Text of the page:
It is generally conceded that the previous financial crisis, the Great Recession, turned out to be a wasted opportunity for significant structural change. Given the polarization of our national politics, it’s likely that the Covid meltdown will also yield congressional Christmas trees but not lasting beneficial change.
But maybe not, particularly if there’s a change in the White House. Post Alley writers will be looking at how things locally will (and should) change, once we all come up for air. One of the best surveys of possible changes, both substantial and enduring, is this essay in Vox.com by Seattle-based environmental writer, David Roberts. It’s full of links to other proposals.
Roberts lays out some reasonable guidelines for judging major changes. Spend bigly. With bailouts, strings need to be attached. Allow for some triage, particularly fading industries such as fossil fuels and governmental agencies beyond their pull-date. Seize the moment to force more transition to clean energy (see strings attached). Go big on infrastructure. Bail out public transit, and other public agencies such as public health and education. Move toward more social democracy, such as the base income idea that Andrew Yang floated in his campaign or more employee democracy.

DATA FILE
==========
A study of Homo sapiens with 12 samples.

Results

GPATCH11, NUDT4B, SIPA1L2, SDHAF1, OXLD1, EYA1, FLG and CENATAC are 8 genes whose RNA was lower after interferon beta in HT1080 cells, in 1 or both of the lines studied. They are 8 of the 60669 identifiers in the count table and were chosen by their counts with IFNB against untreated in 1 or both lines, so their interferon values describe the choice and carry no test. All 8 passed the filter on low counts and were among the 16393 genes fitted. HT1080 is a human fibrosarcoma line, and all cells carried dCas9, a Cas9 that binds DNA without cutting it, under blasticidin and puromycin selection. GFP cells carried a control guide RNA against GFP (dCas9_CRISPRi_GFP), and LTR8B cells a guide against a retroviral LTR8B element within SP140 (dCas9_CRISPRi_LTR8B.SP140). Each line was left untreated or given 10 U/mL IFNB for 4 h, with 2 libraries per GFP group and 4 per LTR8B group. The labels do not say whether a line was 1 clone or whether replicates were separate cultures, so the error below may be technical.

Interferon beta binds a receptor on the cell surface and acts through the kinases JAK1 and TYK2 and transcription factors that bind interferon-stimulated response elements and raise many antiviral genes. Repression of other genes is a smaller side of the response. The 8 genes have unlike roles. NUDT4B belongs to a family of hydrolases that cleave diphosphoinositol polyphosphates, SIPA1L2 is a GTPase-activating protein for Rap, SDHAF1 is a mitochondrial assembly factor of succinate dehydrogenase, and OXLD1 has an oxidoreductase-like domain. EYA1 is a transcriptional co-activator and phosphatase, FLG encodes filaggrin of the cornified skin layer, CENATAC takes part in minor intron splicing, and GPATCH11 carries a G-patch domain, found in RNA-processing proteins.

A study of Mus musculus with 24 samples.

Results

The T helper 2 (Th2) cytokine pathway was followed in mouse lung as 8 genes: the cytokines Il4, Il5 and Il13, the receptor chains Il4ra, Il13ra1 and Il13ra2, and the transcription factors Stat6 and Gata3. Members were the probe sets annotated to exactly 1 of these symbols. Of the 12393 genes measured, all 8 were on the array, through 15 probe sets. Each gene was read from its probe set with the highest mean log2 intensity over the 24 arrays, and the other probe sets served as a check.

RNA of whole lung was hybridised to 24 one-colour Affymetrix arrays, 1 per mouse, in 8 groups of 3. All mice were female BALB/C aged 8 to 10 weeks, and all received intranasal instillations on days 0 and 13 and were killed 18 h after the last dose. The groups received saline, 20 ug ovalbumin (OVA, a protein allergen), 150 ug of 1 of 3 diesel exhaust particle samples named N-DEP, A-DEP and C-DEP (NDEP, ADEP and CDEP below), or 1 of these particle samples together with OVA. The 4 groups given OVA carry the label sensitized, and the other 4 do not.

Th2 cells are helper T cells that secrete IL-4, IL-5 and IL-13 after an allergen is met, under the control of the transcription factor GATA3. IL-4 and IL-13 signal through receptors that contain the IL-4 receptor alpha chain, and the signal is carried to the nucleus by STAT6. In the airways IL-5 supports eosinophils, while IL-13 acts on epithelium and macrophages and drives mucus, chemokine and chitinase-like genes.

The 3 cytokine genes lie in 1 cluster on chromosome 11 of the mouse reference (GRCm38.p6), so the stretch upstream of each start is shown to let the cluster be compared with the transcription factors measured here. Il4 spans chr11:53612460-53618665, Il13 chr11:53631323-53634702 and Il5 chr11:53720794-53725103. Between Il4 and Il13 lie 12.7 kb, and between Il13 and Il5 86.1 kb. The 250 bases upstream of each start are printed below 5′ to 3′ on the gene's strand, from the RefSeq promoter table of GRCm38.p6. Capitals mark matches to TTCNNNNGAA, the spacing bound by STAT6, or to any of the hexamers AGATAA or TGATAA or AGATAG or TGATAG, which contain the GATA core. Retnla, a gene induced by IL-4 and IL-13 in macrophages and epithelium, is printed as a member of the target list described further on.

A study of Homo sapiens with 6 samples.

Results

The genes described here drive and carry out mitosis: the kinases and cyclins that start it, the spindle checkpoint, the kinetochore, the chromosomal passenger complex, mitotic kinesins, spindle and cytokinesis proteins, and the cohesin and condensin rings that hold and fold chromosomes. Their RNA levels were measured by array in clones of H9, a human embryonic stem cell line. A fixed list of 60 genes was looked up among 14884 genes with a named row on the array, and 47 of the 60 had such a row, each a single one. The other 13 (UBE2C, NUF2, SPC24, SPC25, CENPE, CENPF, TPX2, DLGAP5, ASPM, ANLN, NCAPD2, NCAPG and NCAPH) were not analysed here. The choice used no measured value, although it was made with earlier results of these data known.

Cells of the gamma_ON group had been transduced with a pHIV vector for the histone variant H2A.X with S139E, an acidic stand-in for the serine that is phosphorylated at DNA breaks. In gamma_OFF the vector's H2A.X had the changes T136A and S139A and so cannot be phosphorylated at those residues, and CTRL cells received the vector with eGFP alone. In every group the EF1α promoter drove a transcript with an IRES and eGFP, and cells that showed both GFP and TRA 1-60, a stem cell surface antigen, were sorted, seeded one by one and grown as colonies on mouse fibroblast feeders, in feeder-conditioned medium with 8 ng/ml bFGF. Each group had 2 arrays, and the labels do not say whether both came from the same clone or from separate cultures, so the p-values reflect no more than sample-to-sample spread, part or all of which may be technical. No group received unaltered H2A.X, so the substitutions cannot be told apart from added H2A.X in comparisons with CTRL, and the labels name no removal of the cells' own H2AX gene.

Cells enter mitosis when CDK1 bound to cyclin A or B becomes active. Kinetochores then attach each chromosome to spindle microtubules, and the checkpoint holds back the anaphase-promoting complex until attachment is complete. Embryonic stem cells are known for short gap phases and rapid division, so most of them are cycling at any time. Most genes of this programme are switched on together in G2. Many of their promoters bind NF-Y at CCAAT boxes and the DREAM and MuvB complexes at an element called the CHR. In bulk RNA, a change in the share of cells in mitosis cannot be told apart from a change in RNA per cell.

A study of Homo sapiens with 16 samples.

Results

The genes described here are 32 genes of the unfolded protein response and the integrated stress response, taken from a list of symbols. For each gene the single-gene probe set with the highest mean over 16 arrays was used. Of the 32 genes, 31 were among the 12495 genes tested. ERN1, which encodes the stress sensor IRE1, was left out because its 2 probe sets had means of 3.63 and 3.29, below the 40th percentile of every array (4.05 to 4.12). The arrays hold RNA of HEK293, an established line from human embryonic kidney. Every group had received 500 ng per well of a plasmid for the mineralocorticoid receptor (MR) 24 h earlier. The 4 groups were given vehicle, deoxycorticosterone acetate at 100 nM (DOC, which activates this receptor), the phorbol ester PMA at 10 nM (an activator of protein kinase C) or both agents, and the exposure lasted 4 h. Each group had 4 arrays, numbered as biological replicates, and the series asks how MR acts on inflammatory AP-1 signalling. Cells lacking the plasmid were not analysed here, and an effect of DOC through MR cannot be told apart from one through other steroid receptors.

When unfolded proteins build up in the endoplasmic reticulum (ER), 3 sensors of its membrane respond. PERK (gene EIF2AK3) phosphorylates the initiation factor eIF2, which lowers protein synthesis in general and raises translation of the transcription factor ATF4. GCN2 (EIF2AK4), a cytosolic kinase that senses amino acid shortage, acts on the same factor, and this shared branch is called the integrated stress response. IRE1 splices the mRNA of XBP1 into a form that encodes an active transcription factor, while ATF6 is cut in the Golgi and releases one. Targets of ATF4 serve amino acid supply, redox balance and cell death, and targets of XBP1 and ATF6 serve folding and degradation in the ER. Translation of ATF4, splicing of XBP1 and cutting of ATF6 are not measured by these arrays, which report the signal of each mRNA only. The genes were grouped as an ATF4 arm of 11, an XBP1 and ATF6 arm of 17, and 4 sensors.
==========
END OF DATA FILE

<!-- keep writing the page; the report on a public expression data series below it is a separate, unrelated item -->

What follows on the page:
Will Republicans cooperate? Likely not, but Roberts makes a self-preservation case that is mildly encouraging:
Republicans blocked Obama’s ongoing efforts at stimulus; they knew he, not they, would suffer voters’ wrath over the results. But this time, they are in charge. If Trump and the Republicans pass inadequate stimulus, it is Trump and the Republicans who will reap the electoral backlash when the economy continues to suffer.
In other words, it is in the GOP’s best interests to pass the biggest stimulus possible. Their electoral fortunes depend it. Voters don’t care about deficits as anything other than culture-war totems; they care how they and their communities are faring. Any realistic consultant would be telling Republicans to dump as much money on voters as possible.
Well, maybe. Rather than count on Congress to come to its senses, however, I would prefer if the consensus on a serious-change agenda bubbled up from some of the governors (Cuomo, Newsome, Inslee for starters) who have rushed into the leadership void in fighting the pandemic. Each might convene the best thinkers and deal-makers in their state than mesh the good ideas into a national agenda.